5 reasons printed circuit boards fail – and how to avoid them
PCB failure is frustrating. It’s costly, inconvenient and can negatively affect your brand. Printed circuit boards are sensitive things though, and failures can be caused by a number of things – from the weather to age. Here are the top five reasons that printed circuit boards fail, and how you can reduce the risk of failure.
1. Environmental factors
PCBs in damp or particularly hostile environments are prone to these types of failure because, as temperatures change, the PCB can expand and contract and boards may become warped. With all this movement it’s easy for soldered joints to become damaged, leading to board failure. This sort of issue is most likely to be seen when a component’s barrier has been broken and atmospheric particles such as dirt, dust and moisture get into the component, or circuit board.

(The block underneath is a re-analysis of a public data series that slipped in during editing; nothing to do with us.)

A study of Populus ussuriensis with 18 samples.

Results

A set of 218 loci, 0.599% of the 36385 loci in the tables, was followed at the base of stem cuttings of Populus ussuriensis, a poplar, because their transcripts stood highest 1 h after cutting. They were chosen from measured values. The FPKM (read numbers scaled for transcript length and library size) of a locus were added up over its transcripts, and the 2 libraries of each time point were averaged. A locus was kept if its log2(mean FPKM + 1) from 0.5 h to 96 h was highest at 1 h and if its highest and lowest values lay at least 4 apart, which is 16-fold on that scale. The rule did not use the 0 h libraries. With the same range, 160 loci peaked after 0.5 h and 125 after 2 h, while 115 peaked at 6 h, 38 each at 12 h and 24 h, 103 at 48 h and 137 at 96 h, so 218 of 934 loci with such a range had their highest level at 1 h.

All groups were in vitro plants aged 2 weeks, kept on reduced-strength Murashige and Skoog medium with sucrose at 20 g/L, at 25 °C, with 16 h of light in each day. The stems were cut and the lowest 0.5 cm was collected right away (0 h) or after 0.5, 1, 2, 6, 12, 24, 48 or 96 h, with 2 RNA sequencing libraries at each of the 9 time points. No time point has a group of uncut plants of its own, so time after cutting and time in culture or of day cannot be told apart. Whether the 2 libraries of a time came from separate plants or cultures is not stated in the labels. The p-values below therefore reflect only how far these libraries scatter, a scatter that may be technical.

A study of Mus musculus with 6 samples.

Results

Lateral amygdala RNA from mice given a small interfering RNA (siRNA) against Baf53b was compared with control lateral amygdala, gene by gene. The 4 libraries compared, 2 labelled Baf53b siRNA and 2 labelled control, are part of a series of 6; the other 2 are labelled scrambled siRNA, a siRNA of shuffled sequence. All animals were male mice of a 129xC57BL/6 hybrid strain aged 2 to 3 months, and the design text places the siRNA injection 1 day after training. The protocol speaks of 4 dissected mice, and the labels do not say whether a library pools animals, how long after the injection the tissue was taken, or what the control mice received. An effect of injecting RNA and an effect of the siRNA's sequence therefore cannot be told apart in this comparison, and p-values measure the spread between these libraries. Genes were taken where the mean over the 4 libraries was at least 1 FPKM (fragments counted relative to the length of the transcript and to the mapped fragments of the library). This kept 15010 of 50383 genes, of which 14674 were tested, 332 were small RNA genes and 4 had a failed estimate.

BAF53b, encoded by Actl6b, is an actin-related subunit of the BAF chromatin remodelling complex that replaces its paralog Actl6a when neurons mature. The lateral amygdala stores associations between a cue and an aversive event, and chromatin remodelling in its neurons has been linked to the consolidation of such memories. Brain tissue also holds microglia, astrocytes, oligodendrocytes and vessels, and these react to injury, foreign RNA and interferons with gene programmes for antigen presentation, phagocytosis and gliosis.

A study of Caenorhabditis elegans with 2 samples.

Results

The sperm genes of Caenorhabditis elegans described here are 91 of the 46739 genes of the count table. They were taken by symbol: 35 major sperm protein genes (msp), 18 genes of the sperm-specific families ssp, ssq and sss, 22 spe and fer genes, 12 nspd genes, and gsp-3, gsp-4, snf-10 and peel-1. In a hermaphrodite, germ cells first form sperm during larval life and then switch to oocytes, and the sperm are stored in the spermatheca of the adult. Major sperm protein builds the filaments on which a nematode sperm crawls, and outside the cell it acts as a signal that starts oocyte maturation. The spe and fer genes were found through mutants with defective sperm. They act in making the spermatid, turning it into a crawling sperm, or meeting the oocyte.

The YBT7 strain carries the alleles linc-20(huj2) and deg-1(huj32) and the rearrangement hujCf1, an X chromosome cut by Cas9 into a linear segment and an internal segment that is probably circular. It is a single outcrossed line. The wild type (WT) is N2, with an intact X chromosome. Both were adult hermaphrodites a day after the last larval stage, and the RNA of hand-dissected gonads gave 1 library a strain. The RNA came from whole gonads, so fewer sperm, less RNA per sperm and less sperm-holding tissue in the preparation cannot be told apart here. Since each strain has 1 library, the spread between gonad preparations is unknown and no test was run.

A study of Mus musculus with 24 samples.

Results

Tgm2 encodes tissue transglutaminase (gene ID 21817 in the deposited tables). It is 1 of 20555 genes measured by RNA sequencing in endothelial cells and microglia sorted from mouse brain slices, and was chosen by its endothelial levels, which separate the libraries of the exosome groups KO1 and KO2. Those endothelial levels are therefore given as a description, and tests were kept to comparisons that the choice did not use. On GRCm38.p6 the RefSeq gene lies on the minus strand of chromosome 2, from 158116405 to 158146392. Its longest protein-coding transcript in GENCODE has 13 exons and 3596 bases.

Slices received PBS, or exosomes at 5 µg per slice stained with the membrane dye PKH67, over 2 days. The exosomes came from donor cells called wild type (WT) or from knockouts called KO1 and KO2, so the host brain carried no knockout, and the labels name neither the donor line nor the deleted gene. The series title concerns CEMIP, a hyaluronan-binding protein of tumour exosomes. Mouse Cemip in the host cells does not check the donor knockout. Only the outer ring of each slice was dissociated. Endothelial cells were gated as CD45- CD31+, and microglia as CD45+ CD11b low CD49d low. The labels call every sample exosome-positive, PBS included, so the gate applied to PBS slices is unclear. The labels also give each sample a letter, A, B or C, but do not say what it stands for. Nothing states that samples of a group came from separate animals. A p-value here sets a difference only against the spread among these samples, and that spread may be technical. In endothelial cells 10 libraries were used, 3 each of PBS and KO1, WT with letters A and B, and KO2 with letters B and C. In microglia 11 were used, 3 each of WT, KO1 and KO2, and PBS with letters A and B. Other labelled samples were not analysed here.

2. Poorly manufactured components.
One of the most common reasons for failure is a poorly manufactured PCB. Issues such as incorrect soldering temperatures, misalignment of the bare board & components and dry joints all indicatives of a poorly manufactured PCB.
When looking for a PCB manufacturer, find one that has been around a while, with a good reputation. The business world has a beautiful way of casting off the poor manufacturers over time.
3. Burnt components
Printed circuit boards can get pretty warm, and in doing so components work outside their standard operating temperatures. The amount of heat that a component can take is finite and depends largely on its size and structure. Make sure that when designing your PCB your components have sufficient space around them to allow air to circulate around any heat sinks, and they will be working within their operational capability.